The fleet was disestablished in 2011 to save costs during the Obama administration’s proposed “reset” with Russia.
Seven years after Obama shut down operations on the US 2nd Fleet to save money, President Trump has officially reactivated the massive fleet of 126 ships and submarines, with its admiral seeking to turn it into a menacing force “ready to fight” any “bad actor.”
Vice Adm. Andrew Lewis, fearing that “some bad actors” on the world stage “threaten the very birthright freedoms that we hold sacred” and are looking to “undermine and rewrite” the US-established world order, promised to “build a fleet that is ready to fight” along a stretch that extends from the East Coast of the US all the way to the Barents Sea, just off the coast of Norway and Russia, near the Arctic Circle.
“We are going to aggressively and quickly rebuild this command into an operational warfighting organization,” Lewis announced, as he took charge of the Second Fleet at the establishment ceremony at Naval Station Norfolk, Virginia.
— U.S. 2nd Fleet (@US2ndFleet) August 24, 2018
The fleet, which previously had 126 ships and submarines in service, will once again “help to maintain America’s maritime superiority,” chief of Naval Operations Adm. John Richardson noted on Friday. “A new Second Fleet increases our strategic flexibility to respond – from the Eastern Seaboard to the Barents Sea.”
— U.S. 2nd Fleet (@US2ndFleet) August 25, 2018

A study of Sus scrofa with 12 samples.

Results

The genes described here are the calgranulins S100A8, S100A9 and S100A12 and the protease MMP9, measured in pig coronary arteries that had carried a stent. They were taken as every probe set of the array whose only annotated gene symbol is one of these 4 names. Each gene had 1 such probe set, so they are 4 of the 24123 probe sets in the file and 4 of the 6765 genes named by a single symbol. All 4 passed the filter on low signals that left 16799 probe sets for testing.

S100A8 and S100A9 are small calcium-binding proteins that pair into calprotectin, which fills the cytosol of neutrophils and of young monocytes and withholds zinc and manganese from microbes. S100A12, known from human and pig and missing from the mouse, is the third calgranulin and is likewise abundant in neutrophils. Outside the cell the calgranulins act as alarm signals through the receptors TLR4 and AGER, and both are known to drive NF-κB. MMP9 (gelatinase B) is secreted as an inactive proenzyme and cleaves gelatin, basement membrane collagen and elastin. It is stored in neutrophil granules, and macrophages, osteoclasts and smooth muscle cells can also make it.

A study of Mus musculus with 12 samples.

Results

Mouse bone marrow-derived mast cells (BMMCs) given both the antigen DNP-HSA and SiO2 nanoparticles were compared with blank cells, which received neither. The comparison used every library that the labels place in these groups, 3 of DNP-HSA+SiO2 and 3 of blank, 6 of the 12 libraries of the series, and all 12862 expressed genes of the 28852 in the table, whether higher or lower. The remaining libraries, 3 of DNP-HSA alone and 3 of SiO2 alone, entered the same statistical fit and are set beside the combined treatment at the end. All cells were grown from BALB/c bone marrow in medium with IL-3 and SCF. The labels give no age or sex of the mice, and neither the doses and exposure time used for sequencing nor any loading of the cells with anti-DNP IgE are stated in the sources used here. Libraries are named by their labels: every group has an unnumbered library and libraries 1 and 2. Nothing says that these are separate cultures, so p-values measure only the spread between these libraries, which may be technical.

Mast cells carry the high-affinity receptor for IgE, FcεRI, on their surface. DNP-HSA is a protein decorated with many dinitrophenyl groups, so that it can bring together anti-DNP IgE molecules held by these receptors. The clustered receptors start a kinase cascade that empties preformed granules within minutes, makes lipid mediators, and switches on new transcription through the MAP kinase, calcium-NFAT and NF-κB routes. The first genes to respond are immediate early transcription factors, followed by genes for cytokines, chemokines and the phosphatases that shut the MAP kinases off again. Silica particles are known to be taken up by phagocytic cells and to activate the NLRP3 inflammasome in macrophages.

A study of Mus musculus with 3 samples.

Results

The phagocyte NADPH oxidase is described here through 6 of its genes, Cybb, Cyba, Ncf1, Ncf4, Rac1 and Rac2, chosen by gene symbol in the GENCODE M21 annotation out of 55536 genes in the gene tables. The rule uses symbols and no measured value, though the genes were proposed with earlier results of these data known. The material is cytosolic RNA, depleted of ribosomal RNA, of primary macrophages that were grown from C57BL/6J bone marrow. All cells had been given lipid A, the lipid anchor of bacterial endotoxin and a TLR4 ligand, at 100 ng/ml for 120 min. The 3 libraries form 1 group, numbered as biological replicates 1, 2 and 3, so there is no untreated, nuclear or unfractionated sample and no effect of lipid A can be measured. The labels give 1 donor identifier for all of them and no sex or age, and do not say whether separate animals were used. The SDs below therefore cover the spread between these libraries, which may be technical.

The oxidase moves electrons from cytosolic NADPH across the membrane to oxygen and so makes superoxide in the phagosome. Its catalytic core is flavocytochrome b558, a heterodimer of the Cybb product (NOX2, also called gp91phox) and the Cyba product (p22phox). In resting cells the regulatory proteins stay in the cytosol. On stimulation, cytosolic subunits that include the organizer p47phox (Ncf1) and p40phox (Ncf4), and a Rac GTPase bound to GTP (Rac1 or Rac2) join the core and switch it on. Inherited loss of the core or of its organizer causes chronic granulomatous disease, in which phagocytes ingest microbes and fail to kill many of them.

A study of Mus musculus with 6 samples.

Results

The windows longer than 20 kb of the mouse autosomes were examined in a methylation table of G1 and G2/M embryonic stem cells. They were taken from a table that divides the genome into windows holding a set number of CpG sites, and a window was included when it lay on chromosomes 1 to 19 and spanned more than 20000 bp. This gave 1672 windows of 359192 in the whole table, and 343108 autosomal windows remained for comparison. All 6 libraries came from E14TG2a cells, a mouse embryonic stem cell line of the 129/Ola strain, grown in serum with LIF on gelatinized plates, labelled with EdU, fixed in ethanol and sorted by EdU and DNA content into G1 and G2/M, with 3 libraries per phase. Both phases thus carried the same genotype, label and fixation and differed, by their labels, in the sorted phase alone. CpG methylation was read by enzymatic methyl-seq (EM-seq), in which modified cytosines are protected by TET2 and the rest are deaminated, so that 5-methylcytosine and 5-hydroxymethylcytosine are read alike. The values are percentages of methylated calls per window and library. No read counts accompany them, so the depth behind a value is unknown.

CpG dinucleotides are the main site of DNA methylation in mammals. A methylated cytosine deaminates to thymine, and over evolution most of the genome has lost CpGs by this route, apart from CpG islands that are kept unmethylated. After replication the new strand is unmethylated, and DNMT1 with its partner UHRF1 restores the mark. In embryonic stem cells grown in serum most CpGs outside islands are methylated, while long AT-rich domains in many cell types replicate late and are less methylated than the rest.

After the fleet was disestablished in 2011 to save costs during the Obama administration’s proposed “reset” with Russia, most of its personnel, warships and responsibilities were transferred into Fleet Forces Command.
While it has yet to be announced which hardware will be transferred back under its command, at one point the Second Fleet had more than 90,000 personnel assembled between carrier strike groups (CSG) and amphibious ready groups (ARG). The fleet’s Aegis-capable ships also projected the American maritime ballistic missile defense capabilities overseas.
Over the past few years, especially after the outbreak of ‘Russiagate’ with the arrival of the Trump administration, the US and its allies have been increasingly accusing Russia of aggressive posturing and of threatening neighbors, slowly and gradually increasing their own military capabilities along its borders under this pretext.
Moscow insists that it has been forced to reform its military and develop new weapons systems, following US disregard for Kremlin concerns when Washington’s unilaterally withdrew from the ABM treaty in 2002. Russia continues to treat the global anti-missile system, including sites in Alaska, Romania, and Poland, as well as the Aegis-capable ships, as a potential national security threat that undermines mutual deterrence and power parity – and may lower the threshold of nuclear weapons use by giving Washington a false sense of invincibility.
Meanwhile, the reactivated 2nd Fleet will now once again sail close to the Arctic where Russia, compared to the US, has much more territorial waters and thus strategically invested interests, including utilization of the region’s rich natural resources.
The country is also conducting infrastructure projects along the Northern Sea Route and has built a number of military outposts to seal the northern frontier that was left virtually defenseless after the fall of the Soviet Union.